TRUST YOUR PARTNER (and Keep Your Thinking Flexible)

Maritha Pottenger

Just as trying to envision your partner's hand (and not just thinking of your own hand), will improve your bidding accuracy, so trying to envision your partner's hand (and thinking) will improve your defense. You can make early hypotheses, but must be prepared to change (and improve!) them as you collect more information.

Trust that your partner's actions have logic behind them, and try to figure out what that logic is.

Case in Point. You hold: 743 AK108 A4 10973

RHO opens 1; you pass; LHO bids 1. Partner passes. RHO rebids 1NT. LHO rebids 2 and that is the end of the auction.

Your partner leads the 5 and Dummy produces: KJ Q72 QJ107 KQ65.

The heart position is unclear; perhaps partner has led from three or four hearts to the J, but that is not guaranteed, so you take the K (thus revealing to partner that you also hold the A), and play the A and a low diamond. Declarer plays the 2 and the 5. Your partner plays the 3 and then takes the K. Partner does NOT give you a diamond ruff, but instead cashes the A—setting up the KQ on dummy. (Partner also did NOT encourage you in diamonds even though she had the K.) Partner now plays the 4! What is going on?

Partner knows you would not set up one of Dummy's long suits (QJ10x) without a good reason, so why did she not give you a diamond ruff? The most logical answer is that partner started with five diamonds and knows that Declarer is ALSO out of diamonds.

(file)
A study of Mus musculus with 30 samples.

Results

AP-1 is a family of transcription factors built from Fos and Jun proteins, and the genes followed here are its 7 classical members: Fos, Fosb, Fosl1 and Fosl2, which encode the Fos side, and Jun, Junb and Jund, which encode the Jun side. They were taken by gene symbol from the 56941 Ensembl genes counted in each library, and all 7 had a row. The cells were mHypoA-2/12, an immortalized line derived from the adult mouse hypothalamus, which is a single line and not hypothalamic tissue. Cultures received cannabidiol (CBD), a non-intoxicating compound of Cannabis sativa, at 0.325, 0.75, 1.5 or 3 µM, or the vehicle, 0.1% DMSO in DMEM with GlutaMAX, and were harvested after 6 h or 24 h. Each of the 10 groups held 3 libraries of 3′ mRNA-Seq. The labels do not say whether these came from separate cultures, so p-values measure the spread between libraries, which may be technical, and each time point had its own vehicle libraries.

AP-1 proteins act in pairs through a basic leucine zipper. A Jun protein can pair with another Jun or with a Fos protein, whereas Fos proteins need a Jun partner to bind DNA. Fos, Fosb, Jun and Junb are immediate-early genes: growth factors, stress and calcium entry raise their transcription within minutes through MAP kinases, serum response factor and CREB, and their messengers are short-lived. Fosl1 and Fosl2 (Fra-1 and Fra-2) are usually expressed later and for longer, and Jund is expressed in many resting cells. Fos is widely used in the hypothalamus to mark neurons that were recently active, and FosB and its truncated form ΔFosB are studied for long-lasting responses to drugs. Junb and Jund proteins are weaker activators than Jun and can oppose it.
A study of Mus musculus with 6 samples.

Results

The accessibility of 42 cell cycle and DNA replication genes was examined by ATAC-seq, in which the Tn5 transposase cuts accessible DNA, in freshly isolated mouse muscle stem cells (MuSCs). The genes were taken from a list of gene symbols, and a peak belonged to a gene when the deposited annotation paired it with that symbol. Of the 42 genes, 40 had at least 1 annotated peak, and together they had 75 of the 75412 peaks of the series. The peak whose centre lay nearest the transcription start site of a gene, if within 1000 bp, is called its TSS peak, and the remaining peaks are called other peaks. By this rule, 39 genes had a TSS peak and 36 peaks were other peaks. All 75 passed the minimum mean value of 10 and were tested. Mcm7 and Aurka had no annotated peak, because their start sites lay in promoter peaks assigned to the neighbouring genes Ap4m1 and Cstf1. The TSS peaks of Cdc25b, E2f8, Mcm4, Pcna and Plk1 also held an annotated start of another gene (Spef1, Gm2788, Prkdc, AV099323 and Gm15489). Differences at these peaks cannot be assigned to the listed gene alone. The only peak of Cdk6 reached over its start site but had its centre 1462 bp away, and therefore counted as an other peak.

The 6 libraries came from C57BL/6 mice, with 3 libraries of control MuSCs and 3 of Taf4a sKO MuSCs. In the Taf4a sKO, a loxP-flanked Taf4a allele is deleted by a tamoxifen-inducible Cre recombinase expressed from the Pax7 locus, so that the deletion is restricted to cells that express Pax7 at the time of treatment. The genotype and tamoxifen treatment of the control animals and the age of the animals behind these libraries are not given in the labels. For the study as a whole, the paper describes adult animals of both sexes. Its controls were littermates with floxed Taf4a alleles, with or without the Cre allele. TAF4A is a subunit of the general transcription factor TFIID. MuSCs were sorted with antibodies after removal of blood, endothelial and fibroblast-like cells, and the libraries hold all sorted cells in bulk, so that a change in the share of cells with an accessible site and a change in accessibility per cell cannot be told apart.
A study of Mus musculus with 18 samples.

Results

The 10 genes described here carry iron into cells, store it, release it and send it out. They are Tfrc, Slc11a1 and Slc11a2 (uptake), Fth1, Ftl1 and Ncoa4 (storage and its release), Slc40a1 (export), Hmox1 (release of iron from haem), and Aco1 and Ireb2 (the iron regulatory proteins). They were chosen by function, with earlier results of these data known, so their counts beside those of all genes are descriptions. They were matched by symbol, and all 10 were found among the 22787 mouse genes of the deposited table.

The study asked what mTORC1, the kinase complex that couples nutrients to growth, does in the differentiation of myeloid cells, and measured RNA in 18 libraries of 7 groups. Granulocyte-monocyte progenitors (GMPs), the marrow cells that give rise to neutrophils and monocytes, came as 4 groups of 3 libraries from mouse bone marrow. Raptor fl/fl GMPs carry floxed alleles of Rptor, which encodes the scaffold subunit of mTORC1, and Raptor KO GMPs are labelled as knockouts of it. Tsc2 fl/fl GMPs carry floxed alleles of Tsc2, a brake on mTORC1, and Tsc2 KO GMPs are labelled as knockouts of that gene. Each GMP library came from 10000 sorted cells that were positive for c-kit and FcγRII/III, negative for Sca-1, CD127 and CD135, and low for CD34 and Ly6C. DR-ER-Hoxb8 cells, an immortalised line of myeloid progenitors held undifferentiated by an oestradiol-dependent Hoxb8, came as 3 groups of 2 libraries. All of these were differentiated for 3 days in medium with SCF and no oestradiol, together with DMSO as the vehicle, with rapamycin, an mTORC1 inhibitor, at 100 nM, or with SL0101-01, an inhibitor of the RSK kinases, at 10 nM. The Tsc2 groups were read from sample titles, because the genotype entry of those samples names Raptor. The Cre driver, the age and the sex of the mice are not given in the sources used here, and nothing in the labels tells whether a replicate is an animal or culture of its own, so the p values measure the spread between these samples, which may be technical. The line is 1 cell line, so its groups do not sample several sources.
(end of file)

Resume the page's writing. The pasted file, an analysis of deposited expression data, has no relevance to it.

Why would partner cash the A, deliberately setting up Dummy's King and Queen for discards? The most logical answer is that partner wants to make sure that YOU do NOT lead a club.

You should expect partner to have a DOUBLETON heart and take your Ace and give her a ruff. She has done everything possible to force you to come back a heart. If partner had really started out with the J9654 originally, she would have led the J the second round to save you from an uncomfortable guess. She knows you have the A and she would not want to risk you making going up with the A and having it ruffed on the second round.

Plus, count Declarer's hand. Declarer has at least six spades two diamonds, and at least one club. There is room for Declarer to have had four hearts originally. Partner has played 5 then the 4, so she either started with a doubleton or with five hearts and five hearts is not logical on her line of play.